The Food and Drug Administration warned Thursday a coronavirus test touted by the White House may provide false results.
The agency said the Abbott ID NOW point-of-care test, which was given emergency authorization by the FDA in March, may return false negatives in some cases where patients actually have the coronavirus. The FDA said it had received 15 reports that the device didn’t reflect accurate results.
“We are still evaluating the information about inaccurate results and are in direct communications with Abbott about this important issue,” Tim Stenzel, director of the FDA’s office of in vitro diagnostics, said in a statement.“This test can still be used and can correctly identify many positive cases in minutes. Negative results may need to be confirmed with a high-sensitivity authorized molecular test.”
The agency noted it was sharing its concerns publicly “in the spirit of transparency,” clarifying that “no diagnostic test will be 100% accurate.”
More than 1.4 million people in the U.S. have been infected with the coronavirus and more than 85,000 have died. Cases have continued to climb, but President Donald Trump and other lawmakers have urged some regions to reopen in an effort to kickstart an economy devastated by the pandemic.
The FDA stressed Thursday that any patient tested for COVID-19 who was given negative results but had ongoing symptoms consistent with the virus should have their results confirmed by another test.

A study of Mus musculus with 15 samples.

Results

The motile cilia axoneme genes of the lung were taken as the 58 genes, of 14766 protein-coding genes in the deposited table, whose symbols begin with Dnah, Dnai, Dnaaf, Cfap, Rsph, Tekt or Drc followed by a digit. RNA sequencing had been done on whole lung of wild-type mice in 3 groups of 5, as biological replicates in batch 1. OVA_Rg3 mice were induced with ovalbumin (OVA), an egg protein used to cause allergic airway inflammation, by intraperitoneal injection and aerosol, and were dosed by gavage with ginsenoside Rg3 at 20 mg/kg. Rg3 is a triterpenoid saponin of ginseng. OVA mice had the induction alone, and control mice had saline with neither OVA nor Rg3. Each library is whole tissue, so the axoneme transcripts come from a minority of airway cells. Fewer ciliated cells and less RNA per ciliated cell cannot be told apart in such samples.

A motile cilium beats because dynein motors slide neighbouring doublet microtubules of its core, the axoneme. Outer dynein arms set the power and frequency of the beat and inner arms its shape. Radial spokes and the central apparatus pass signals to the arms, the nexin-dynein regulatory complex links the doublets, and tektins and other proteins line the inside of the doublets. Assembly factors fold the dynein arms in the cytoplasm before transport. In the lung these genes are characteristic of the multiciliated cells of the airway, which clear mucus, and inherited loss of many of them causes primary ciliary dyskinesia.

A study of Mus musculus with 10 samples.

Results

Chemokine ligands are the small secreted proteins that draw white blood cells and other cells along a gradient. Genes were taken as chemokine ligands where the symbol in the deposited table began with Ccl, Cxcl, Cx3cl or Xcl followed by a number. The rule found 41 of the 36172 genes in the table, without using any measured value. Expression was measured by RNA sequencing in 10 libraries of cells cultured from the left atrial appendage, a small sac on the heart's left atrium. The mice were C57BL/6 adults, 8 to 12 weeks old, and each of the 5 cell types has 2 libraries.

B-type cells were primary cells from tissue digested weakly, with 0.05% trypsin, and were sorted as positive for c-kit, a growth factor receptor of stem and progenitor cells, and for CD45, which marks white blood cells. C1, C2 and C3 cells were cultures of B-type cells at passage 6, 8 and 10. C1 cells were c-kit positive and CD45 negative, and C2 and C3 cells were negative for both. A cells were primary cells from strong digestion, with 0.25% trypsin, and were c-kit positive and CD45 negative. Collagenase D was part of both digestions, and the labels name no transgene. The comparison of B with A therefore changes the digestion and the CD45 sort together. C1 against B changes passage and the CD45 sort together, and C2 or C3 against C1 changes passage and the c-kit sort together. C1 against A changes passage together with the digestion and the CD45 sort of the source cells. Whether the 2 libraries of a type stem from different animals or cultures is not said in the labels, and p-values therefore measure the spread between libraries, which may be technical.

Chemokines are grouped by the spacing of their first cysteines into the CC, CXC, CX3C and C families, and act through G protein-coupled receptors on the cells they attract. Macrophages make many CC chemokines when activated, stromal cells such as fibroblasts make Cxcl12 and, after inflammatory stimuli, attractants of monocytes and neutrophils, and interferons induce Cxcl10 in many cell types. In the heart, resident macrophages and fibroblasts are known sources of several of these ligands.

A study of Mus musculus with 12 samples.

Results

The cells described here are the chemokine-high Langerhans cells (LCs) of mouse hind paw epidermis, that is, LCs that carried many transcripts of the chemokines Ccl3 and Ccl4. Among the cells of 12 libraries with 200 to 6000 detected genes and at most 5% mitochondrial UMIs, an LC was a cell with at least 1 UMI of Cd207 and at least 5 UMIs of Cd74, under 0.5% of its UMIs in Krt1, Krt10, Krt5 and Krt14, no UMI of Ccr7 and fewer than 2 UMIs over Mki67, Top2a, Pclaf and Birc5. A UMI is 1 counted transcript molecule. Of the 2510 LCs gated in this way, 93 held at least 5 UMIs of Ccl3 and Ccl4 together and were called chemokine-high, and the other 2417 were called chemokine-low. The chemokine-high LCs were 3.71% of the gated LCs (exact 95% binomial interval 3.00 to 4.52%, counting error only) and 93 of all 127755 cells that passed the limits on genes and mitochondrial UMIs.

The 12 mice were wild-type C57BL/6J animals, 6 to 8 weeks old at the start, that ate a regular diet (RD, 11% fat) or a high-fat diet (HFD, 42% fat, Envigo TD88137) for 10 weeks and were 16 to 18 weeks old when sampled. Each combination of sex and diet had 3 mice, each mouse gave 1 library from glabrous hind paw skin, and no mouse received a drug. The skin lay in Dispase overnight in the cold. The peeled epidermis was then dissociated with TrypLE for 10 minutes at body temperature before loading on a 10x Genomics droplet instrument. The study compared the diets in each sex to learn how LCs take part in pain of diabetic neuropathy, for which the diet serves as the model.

The Abbott device has been used at the White House to screen staff members and visitors and can provide rapid results. Trump himself trotted out the machine during a news conference, calling the results “highly accurate” and saying the device made the fight against infections a “whole new ballgame.”
But the White House has itself been rattled by the ongoing pandemic. Two staff members have tested positive for the virus in recent days — an aide to Vice President Mike Pence and a valet to the president — and one adviser said it had become “scary to go to work.”
Reuters notes Abbott Laboratories has already distributed more than 1.8 million ID NOW tests around the country
A preliminary study reported earlier this week cast doubt on the efficacy of the Abbott device. A group of researchers from New York University said the machine missed between a third to nearly half of positive cases caught on a competing device, although the study has not yet been peer-reviewed.
Abbott has rejected those findings and sought to soothe investors on Thursday evening.
“It’s unclear if the samples were tested correctly in this study,” the company told The Washington Post in a statement. “This rate has been previously shared with the FDA. In communications with the users of the test, it is performing as expected.”